Noting that the Vatican has placed convicted rapist Father Joseph Jeyapaul back into a parish, Barbie Latza Nadeau (and Daily Beast) write,
This may be the worst case we’ve ever seen. What does a priest have to do to get kicked out of the Catholic Church?
Nadeau quotes David Clohessy of SNAP, who states,
I say this carefully and only after considerable thought. The Jeyapaul case is the worst case we've seen.
As I noted several days ago, Megan Peterson, whom Jeyapaul was convicted of raping in the parish he pastored in Greenbush, Minnesota, when she was fourteen years old, has filed a federal lawsuit seeking to block his reappointment to parish ministry in India. As Nadeau states, Jeyapaul has admitted to raping at least two girls in his Greenbush parish. She writes,
After being charged with the abuse, which included rape and forcing at least one of the girls to perform fellatio on him, he fled home to India, where he was eventually arrested on an Interpol warrant. He was then extradited back to Minnesota, where he admitted his heinous crimes and entered a plea bargain in which, in exchange for a lighter sentence, he copped to molestation of one of the girls.
Jeyapaul was suspended from the priesthood and served a year and a day in prison in Minnesota, then was deported back to India after his release last July. The Minnesota diocese where he worked also settled a civil lawsuit with the victims in which one accused him of systematic abuse in the confessional of the Blessed Sacrament Church in Greenbush, Minnesota, where he would then tell the girl it was her fault, that she had made him "impure."
How much more proof would one need that the man cannot be trusted with minors?
But in February the Vatican cleared Jeyapaul for reassignment in parish ministry — and he was made head of the diocesan commission on education. As Nadeau reports, Megan Peterson's response to these developments is to state that they make her feel "abused, degraded and re-victimized all over again." She is asking for damages from the Ootacamund diocese which is placing Jeyapaul back into ministry, and she maintains,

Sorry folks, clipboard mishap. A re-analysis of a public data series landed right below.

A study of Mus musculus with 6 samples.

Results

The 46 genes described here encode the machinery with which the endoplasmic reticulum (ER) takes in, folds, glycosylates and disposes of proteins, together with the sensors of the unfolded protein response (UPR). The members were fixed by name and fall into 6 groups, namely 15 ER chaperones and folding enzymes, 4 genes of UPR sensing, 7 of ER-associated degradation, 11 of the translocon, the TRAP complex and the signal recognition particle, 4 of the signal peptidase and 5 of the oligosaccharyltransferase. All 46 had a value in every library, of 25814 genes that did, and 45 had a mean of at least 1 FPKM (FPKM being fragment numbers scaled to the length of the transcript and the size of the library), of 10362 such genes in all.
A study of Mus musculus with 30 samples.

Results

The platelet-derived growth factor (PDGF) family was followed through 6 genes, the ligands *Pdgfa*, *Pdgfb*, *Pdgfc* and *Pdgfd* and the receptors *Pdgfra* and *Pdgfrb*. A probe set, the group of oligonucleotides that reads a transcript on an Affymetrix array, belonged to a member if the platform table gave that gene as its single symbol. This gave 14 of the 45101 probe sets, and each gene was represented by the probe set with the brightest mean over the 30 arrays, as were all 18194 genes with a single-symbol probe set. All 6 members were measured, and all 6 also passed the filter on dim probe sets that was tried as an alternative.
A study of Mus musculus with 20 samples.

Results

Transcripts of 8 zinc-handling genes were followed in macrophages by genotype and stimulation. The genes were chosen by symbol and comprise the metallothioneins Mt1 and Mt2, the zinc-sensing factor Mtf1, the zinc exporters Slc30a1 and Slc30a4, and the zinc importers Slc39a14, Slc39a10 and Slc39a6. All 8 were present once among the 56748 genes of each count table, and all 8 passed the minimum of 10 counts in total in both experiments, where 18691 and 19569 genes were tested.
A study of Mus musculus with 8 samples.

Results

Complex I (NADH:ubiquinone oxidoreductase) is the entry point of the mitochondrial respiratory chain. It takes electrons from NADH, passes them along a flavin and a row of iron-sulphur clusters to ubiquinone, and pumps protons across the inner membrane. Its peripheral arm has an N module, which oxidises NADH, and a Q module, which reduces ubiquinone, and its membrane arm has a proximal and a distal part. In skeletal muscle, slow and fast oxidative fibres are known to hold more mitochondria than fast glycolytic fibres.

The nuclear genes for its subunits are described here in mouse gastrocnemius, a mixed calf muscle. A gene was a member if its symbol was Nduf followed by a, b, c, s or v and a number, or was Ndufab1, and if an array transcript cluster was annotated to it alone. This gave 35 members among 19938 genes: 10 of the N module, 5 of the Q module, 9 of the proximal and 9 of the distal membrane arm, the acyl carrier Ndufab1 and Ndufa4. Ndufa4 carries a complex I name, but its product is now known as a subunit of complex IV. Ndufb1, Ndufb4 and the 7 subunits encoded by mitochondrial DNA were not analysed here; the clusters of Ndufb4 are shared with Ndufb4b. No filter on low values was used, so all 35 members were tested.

Children deserve to be protected in India and nobody is doing this at this point. This pope has said that bishops who cover up [sexual abuse] and the offending clerics have no place in the church. I feel like this is a slap in the face.
About an hour ago, I tweeted a link to Barbie Latza Nadeau's story. Already, five people have retweeted it. Eric Rohrs responded with the following tweet:
@Pontifex must be held responsible for this vile breach of his promise to stop abusive priests & their enablers! https://t.co/1BnukJiweL— Eric Rohrs (@EricRohrs) April 24, 2016
Anthea Butler and I had the following Twitter conversation about this story:
@wdlindsy you are welcome. That is a heinous, horrific case. This is why no one believes the Catholic church is trying to reform itself.— ProfB (@AntheaButler) April 24, 2016
My point in bringing these tweets to your attention: this is a story that will not and should not be ignored. It is an egregious disclaimer to the assertion that Pope Francis is cleaning up the act of the Catholic church in the area of clerical abuse of minors.
For that reason, it deserves all the international attention it is now getting — and I encourage readers of this blog to help circulate the Jeyapaul story. Imagine, for a moment, how you yourself would feel if you were a fourteen-year-old girl raped by a priest in the context of pastoral ministry, who mustered the courage to come forward with your story and saw your assailant criminally convincted . . .
And then had to watch the church to which he owes allegiance place him back into ministry despite its claims that it wants to stop clerical abuse of minors.
The graphic: a detail from Rogier van der Weyden's "Descent from the Cross" (Museo Nacional del Prado), avaiable for online sharing at Wikimedia Commons.